Separate Bathrooms: No Longer a No-Brainer

By Sarah Kramer posted on:
October 17, 2017

Last week, North Carolina Governor Pat McCrory signed the Public Facilities Privacy and Security Act (“Privacy Act”), invalidating an ordinance passed by the City of Charlotte that would have required that public restrooms, locker rooms, and other changing and shower facilities be open to the opposite sex. In effect, it would have allowed men to enter restrooms and locker rooms reserved for women and girls, and punished businesses for simply seeking to safeguard their patrons’ fundamental right to privacy.

Even beyond that, businesses seeking to run their business according to their core convictions could be fined up to $500 per day and could even face jail time. This punishment would apply not only to businesses in Charlotte, but also to businesses outside of Charlotte that contract with the City.

While there are a number of polarizing issues being discussed in today’s culture, ensuring that men do not enter public restrooms and locker rooms with girls and women should be a no-brainer.

Indeed, a petition asking the Charlotte city council not to enact the ordinance received over 22,000 signatures, and more than 14,000 additional petitions poured in from across the state supporting the General Assembly’s passage of the Privacy Act.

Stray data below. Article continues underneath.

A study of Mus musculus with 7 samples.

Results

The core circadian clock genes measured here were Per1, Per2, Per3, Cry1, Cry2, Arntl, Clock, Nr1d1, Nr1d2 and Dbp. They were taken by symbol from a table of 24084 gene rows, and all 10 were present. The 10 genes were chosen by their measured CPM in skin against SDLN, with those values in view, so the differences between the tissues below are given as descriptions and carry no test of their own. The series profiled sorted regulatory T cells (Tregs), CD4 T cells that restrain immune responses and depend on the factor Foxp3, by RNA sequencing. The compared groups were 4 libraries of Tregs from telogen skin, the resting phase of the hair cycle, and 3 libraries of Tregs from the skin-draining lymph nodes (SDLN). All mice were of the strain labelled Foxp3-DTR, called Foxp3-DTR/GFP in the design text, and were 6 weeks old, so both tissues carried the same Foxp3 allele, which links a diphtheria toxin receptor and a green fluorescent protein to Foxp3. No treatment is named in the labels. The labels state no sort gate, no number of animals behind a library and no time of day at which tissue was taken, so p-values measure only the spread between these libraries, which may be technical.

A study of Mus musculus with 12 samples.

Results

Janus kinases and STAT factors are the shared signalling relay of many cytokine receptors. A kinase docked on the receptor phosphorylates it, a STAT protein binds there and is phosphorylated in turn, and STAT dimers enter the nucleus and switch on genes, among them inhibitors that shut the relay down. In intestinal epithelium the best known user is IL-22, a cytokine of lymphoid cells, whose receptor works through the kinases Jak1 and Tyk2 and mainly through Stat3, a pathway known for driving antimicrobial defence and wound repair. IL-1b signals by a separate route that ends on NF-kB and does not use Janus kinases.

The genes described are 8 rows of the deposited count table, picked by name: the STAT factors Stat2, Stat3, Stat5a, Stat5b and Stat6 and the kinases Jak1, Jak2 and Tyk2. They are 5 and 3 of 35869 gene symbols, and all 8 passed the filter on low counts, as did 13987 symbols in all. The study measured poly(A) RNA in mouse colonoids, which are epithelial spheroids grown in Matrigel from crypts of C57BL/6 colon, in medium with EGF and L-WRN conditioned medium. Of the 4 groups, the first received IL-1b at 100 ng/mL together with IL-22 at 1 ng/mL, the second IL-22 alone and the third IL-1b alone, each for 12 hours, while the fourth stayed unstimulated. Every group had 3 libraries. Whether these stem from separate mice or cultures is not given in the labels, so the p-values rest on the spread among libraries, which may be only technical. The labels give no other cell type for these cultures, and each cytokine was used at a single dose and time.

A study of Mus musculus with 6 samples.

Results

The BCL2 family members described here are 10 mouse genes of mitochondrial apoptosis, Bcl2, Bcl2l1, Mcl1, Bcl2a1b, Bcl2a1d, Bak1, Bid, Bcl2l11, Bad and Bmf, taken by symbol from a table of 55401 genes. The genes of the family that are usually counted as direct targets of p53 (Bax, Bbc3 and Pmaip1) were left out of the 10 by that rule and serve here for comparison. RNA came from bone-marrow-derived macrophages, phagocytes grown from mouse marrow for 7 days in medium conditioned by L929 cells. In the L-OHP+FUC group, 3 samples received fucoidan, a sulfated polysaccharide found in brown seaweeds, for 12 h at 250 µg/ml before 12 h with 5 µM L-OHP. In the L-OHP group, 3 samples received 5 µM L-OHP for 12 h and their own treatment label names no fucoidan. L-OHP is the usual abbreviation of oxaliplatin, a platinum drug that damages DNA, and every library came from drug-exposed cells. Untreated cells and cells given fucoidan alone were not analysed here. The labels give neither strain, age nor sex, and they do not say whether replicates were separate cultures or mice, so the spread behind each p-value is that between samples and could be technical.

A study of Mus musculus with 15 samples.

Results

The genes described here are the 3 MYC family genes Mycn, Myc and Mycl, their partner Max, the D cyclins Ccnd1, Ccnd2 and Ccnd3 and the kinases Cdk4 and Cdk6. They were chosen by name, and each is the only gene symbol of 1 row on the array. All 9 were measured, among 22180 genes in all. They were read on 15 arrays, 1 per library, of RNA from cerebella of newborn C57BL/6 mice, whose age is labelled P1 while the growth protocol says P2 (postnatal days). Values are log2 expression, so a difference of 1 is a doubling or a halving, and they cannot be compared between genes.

“Sixty-nine percent of North Carolinians agreed that the ordinance was unreasonable and unsafe in forcing women and young girls to undress, shower, or engage in other private activities in the presence of men,” said ADF Legal Counsel Kellie Fiedorek.

Last week, the North Carolina General Assembly heard the voices of people across the State by calling a special session to address Charlotte’s harmful ordinance and passing the Privacy Act through a bipartisan vote.

This act does two things:

  1. It clarifies that people may access only the sex-specific public restrooms and locker rooms that correspond to their biological sex as stated on their birth certificate.
  2. It clarifies that it is the state, and not the local city governments, that determines regulations and protections for trade, employment, and commerce in the state. This ensures that there is not a patchwork of laws throughout the state that undermines a flourishing economy.

Yet, this week, the American Civil Liberties Union (ACLU) filed a lawsuit challenging the Privacy Act. And the backlash from large corporations has been nothing short of shocking. These companies have chosen to cast aside women’s right to privacy to advance a political agenda and a genderless society.

“If the right to privacy means anything,” Fiedorek said, “it certainly means that women and girls should not be compelled to undress, shower, or use the restroom in the presence of men.

Thankfully, the government leaders in North Carolina acted to protect the privacy and safety of their citizens before the Charlotte ordinance took effect on April 1. But with the ACLU’s actions, what should be commonsense is now a lawsuit.

Your prayers are needed!

Pray for Governor Pat McCroy and the General Assembly as they faces strong opposition from national corporations that are threatening boycotts because of their common sense actions. No one should protest the right of women and children to enjoy privacy and security.

Sarah Kramer

Sarah Kramer

Digital Content Specialist

Sarah worked as an investigative reporter before joining the Alliance Defending Freedom team.